What Sort Of Plant And Animal Life Can Be Found In Antarctica?

Because of the long Antarctic night, the 800 varieties of plants—lichens, mosses, freshwater algae, bacteria, molds, yeasts and fungi living on the land area are dormant for long periods. But they become almost instantly photosynthetic during short summer bursts of only a few days, weeks or a month or two.

On the other hand, though plant life is sparse, animals abound; but both the number and the size of the land species are few. Nearly all the animals are seen near the edge of the ice sheet or in the water, either living in the ocean or getting their sustenance from it. The animals relying on the land for food and shelter are some microscopic species along with tiny insects and spiders. The largest of these is a fly, a relative of the common housefly, about one tenth of an inch (c. 3 millimetres) long. Besides the non-flying penguins, there are the South Polar skua and the Antarctic petrel. In the Antarctic and in the sub-Antarctic island regions there are terns, albatrosses, cormorants, gulls and other birds. Some birds at times penetrate toward the continent's interior.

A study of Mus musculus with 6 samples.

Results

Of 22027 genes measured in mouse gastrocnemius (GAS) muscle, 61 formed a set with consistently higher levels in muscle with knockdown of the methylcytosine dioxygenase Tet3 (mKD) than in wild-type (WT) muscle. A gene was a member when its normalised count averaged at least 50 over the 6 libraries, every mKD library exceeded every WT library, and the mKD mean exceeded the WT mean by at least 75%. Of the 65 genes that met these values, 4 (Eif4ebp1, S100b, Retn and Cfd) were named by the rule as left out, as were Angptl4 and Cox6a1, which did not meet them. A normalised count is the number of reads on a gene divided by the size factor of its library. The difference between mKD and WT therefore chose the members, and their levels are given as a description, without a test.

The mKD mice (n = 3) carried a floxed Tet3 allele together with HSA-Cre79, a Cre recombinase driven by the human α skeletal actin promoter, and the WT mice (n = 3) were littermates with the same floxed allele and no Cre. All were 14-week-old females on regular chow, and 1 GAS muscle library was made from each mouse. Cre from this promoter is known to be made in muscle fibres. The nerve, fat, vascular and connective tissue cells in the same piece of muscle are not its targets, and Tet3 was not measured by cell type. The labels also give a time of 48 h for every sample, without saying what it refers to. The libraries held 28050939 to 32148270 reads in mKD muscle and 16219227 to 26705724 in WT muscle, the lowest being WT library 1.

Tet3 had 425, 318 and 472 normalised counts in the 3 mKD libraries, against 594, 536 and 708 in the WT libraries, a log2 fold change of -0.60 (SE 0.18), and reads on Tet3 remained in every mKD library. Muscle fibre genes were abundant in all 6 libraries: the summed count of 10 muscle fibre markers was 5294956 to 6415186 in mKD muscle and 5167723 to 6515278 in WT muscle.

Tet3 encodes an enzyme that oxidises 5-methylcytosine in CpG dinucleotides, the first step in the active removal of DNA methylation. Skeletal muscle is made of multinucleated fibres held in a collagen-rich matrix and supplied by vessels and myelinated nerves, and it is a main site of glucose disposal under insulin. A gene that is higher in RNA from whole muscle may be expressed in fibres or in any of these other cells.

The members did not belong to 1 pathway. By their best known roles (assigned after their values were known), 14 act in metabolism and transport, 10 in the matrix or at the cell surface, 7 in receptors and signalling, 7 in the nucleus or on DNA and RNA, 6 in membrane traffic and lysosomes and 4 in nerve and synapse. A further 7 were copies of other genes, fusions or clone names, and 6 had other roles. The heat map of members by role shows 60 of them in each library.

The Arctic tern is the world's greatest navigator. It spends six months of the year in the Antarctic and six months in the Arctic, flying 11,000 miles (17,700 kilometres) from the north to enjoy the Antarctic summer. Thus it manages to live in almost perpetual daylight.

Five of the world's seventeen varieties of penguin are to be found here. The Adélie penguin and the Emperor penguin are the only two that breed on the continent. The Adélie penguin, averaging about fifteen inches (38 centimetres) in height and weighing ten to fifteen pounds (4.5 to 6.8 kilograms), appears to get its direction from a sun-related orientation and a biological clock mechanism.